Hey Everyone,

Both my 55G and 29G planted tanks (but particularly my 29G right now) have this dark green, stringy growth on my plants, rocks, and filter. It's even attached to the walls of the tank itself. See the attached picture, which shows it.

First, does anyone know what this is? Is it a particular type of algae? Second, any suggestions on how I can get rid of it. With the rocks, I've found that I can take them out of the tank but just scrubbing them with a toothbrush doesn't get rid of it entirely (it certainly helps). Instead, I've tried dipping the rocks in boiling or near boiling water, which seems to kill the stuff. Of course, that's a major pain and it doesn't work to get it off the plants.

I've had the problem for a long time with the 55G tank although it seems to have subsided but it's only recently been a major problem with my 29G, which seems to coincide with when I converted the 29G tank into a planted tank - although I'm willing to consider that a coincidence.

Any suggestions are MUCH appreciated! I am stumped.

Thanks,

Mike
 

I'm not adding any CO2. The 29G has LED lights (Fluval Fresh & Plant 2.0) and the 55G has twin Dual-Lamp T5-HO AquaticLife lights.

Thanks,

Mike

Bump: Black Beard algae is a pretty appropriate name.
 


Usually the presence of BBA suggests that there's too much light for the amount of CO2 available.. This particular algae seems to thrive in bright, low CO2 conditions that higher-order plants can't really take advantage of. It's not always the cause, but usually the cause. The solution is to cut back light, or increase CO2. With no injection going on, you just need to cut back light.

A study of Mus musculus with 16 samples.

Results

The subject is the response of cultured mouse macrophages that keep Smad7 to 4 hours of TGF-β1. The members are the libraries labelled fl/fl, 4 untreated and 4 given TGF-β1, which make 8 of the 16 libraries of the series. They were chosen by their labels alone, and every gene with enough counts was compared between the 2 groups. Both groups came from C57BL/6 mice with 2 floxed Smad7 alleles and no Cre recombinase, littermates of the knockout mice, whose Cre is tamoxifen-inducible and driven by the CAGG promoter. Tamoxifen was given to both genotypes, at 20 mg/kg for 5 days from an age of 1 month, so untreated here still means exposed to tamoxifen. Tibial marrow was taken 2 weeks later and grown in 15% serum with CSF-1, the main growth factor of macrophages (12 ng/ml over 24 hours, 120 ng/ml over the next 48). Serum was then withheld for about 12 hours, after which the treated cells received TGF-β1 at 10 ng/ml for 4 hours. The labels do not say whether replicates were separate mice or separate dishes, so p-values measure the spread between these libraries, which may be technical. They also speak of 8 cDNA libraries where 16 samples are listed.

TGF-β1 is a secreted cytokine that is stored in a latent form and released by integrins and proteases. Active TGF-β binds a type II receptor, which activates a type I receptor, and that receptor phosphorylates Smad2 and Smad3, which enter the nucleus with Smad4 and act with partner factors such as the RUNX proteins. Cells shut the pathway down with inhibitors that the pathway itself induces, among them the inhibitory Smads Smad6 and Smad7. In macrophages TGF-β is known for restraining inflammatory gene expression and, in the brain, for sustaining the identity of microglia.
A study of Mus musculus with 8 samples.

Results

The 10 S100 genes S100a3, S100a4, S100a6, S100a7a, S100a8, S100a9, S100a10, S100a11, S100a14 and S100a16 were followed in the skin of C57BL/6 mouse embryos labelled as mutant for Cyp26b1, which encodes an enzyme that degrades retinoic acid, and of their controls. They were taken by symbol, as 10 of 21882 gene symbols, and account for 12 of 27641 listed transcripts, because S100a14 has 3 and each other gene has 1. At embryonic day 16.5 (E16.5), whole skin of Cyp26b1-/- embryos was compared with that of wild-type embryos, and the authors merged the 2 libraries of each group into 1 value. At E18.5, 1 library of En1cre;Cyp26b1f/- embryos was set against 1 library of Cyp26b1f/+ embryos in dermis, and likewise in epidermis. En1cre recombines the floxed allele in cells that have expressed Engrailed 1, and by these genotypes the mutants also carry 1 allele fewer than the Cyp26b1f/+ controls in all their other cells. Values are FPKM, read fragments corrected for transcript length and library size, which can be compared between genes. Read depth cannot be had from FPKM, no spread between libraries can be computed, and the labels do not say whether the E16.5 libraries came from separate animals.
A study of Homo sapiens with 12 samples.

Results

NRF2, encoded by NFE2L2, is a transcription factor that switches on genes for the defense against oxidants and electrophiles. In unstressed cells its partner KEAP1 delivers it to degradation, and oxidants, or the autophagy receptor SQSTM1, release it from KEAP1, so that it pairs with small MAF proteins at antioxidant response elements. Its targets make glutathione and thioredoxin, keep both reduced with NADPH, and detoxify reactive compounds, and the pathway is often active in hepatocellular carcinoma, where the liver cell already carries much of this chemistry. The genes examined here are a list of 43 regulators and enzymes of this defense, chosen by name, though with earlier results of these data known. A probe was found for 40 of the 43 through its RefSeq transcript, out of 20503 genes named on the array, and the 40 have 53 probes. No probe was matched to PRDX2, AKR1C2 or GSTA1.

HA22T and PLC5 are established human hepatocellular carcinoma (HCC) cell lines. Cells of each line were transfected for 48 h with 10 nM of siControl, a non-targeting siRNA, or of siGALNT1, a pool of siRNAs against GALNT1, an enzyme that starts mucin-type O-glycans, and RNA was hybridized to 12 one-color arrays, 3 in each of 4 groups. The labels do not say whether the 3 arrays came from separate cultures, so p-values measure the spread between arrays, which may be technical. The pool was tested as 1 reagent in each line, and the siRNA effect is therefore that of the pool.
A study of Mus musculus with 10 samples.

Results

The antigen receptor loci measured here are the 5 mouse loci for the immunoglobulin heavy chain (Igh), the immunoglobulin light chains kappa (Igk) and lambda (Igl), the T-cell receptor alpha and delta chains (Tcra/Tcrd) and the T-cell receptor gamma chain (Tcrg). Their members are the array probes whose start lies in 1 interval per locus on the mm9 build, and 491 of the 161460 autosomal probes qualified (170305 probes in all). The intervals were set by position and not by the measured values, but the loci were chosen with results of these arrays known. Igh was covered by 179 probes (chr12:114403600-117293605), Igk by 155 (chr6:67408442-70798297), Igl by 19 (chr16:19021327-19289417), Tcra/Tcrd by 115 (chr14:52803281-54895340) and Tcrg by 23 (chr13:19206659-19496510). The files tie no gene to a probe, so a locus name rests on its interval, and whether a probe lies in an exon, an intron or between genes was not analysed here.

With a total of 4 T5HO's in aquaticlife fixtures that have good reflectors over your 55 gallon tank, you've got *WAY* too much light for no CO2 injection.

Your typical 55 gallon tank is 20-21" tall, which puts you over 110 PAR at the substrate if the fixture is right over the tank. Without CO2 injection it is generally suggested to stay under 35 PAR, unless you're really familiar with what you can get away with and what plants you need to keep algae away in these conditions. Your light is 3 times brighter than it should be. At the very least, cut back to 2 bulbs, preferably well spaced out to reduce the amount of light-overlap.

Your 29 gallon has a fluval led, but there's not much published PAR data on it, however I would expect it is also too strong.


Father Land Descendant has posted good suggestions for killing it off and cleaning it up (although I don't really agree with the philosophy behind circulation in the 1-2 punch). However, if you don't address the causes, it will just come back.
 

Thanks. The background on PAR has been really helpful to understand. I can remove one of the dual T5HO lamps on the 55G but not sure what to do for the 29G. Should I add CO2?
 

You don't necessarily need to add CO2, although pumping in loads of gas would help, you need to cut the photo period, raise the light or block some of it with screen or light diffuser. If you can't add CO2 lowering the light intensity is the next best thing.
 


If you have it in individual places I would suggest a couple days of h202 spot treatment. Get a syringe and squirt a couple ml of straight h2o2 on it for a couple days, then hit it with the punch and follow up with Excel as prescribed.

But if you don't correct your light, it will just come back.